A strong earthquake hit northwestern Greece resulting in structural failures, fortunately without causing any casualties.
The tremblor struck at 2:49 am local time on Saturday, March 11, 2020. Its epicenter was located 14 kilometers northeast of the town of Parga, located in Epirus, an administrative region in northwestern Greece. The epicentral depth of the earthquake was 10 kilometers. The seismic shock was preceded by another M 4.3 event that hit before midnight and followed by at least 32 aftershocks.
According to officials, 30 old buildings in the town of Parga and in a nearby village have partially collapsed or suffered severe damage associated with the seismic event. Several of those buildings were uninhabited and, fortunately, there were not many victims. Three people were hospitalized with minor injuries. Nevertheless, a couple was miraculously saved after the exterior wall of their house collapsed right next to their bed.
Parga's road network also suffered damage caused by the structural failures and some landslides that occurred but authorities have already begun restoration works.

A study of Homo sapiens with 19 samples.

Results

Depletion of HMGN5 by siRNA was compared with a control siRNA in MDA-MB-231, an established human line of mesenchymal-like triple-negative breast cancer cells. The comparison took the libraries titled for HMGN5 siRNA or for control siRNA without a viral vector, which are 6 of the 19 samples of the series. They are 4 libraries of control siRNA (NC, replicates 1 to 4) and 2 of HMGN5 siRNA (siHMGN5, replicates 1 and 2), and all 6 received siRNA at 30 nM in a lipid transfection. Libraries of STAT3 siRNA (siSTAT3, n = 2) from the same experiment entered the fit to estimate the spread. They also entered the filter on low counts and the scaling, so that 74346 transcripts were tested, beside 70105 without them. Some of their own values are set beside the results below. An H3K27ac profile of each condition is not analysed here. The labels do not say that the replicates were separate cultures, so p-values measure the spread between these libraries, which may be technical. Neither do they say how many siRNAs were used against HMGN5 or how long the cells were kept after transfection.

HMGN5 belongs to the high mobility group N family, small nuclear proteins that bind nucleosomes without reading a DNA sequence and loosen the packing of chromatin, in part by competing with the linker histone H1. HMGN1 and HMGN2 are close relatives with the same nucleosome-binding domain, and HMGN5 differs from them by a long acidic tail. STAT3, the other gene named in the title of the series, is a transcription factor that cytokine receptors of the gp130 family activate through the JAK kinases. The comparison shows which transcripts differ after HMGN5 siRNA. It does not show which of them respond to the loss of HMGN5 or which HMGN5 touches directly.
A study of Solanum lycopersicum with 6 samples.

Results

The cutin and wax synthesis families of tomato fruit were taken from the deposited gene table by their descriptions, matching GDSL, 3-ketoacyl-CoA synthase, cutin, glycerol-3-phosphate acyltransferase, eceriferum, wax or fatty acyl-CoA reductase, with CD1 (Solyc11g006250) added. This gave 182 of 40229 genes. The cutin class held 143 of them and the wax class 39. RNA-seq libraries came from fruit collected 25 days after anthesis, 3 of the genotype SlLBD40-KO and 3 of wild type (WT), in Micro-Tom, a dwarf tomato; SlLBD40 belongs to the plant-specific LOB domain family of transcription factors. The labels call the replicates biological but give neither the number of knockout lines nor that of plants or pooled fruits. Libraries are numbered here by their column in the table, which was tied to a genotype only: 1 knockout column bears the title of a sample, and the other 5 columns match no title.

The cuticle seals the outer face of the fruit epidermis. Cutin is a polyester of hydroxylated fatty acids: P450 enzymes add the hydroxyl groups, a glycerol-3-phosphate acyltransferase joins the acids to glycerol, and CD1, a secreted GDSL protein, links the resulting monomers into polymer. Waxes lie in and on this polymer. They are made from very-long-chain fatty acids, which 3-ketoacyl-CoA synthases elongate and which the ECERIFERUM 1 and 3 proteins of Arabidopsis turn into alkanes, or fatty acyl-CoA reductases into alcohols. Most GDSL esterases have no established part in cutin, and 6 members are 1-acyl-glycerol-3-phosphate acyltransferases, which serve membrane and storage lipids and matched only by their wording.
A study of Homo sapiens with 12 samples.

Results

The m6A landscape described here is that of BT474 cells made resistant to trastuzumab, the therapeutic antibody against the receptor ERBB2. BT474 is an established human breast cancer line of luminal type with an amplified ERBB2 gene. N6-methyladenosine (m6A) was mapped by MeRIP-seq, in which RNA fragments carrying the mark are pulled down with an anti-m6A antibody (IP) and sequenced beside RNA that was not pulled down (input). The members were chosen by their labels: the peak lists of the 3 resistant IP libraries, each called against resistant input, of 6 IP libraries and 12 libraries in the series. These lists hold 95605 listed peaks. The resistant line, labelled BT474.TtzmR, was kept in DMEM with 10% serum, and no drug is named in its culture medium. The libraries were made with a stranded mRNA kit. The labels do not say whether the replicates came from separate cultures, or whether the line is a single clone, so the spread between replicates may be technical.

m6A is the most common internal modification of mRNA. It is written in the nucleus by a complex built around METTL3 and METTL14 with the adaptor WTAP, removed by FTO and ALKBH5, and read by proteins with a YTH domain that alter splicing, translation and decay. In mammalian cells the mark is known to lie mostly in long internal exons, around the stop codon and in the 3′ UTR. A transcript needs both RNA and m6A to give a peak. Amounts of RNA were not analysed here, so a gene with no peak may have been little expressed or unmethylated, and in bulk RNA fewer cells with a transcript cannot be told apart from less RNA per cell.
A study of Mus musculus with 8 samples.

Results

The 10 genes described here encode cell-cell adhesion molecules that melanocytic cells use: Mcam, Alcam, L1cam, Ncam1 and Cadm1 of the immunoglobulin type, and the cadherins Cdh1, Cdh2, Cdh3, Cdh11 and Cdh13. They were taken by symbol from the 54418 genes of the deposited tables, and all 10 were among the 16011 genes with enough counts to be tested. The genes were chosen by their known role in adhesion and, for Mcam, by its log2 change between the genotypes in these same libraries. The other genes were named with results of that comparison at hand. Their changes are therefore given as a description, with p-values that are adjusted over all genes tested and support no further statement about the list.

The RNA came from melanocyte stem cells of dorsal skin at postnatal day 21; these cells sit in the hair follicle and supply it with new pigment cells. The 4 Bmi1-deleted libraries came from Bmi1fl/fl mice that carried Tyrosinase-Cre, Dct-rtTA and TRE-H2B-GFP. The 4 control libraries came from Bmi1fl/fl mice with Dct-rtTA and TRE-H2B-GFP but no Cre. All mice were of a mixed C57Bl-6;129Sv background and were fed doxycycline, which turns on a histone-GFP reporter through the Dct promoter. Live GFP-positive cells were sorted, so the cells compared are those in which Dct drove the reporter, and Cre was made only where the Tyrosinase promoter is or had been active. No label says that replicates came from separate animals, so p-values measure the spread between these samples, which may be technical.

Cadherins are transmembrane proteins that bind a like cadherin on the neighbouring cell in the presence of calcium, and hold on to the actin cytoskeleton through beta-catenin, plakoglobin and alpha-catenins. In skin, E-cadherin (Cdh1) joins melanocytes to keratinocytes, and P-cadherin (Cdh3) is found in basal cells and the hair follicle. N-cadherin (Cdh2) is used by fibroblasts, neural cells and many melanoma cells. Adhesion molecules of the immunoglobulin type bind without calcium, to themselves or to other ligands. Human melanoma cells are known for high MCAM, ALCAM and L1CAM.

Some of the old houses that were habitable and suffered damage were classified as inadequate to live in and the Greek government will provide a solution for the people affected.
In more newly built structures, the damage was far less extensive, including some windows cracking and plaster failures.
According to local media, people got out of their residences and stayed in the streets, something that could be dangerous given that Greece also faces the major issue of the coronavirus spread.
Dr. Gerasimos Chouliaras, research director at the National Observatory of Athens, Institute of Geodynamics, stated that the earthquake was anticipated since some preliminary shocks were recorded in the wider region during the last months. The aftershocks sequence is normal and there is no reason to worry for a larger upcoming shock. "...aftershocks may last for weeks, months or even years in some occasions depending on the magnitude of the mainshock but they are an order of magnitude below the main event. In our case, as the mainshock was M 5.6, the expected aftershocks should reach up to M 4.6. These are the scientific data and people should adapt to the phenomenon that is common as such incidents occur about once in a year in Greece."
Greece is located in a seismically active zone at the boundary of the convergence between the Africa and Eurasia plates. Therefore, moderate and some large earthquakes are anticipated periodically.
Click the video below to watch the impact of the earthquake on a house recorded on a live camera.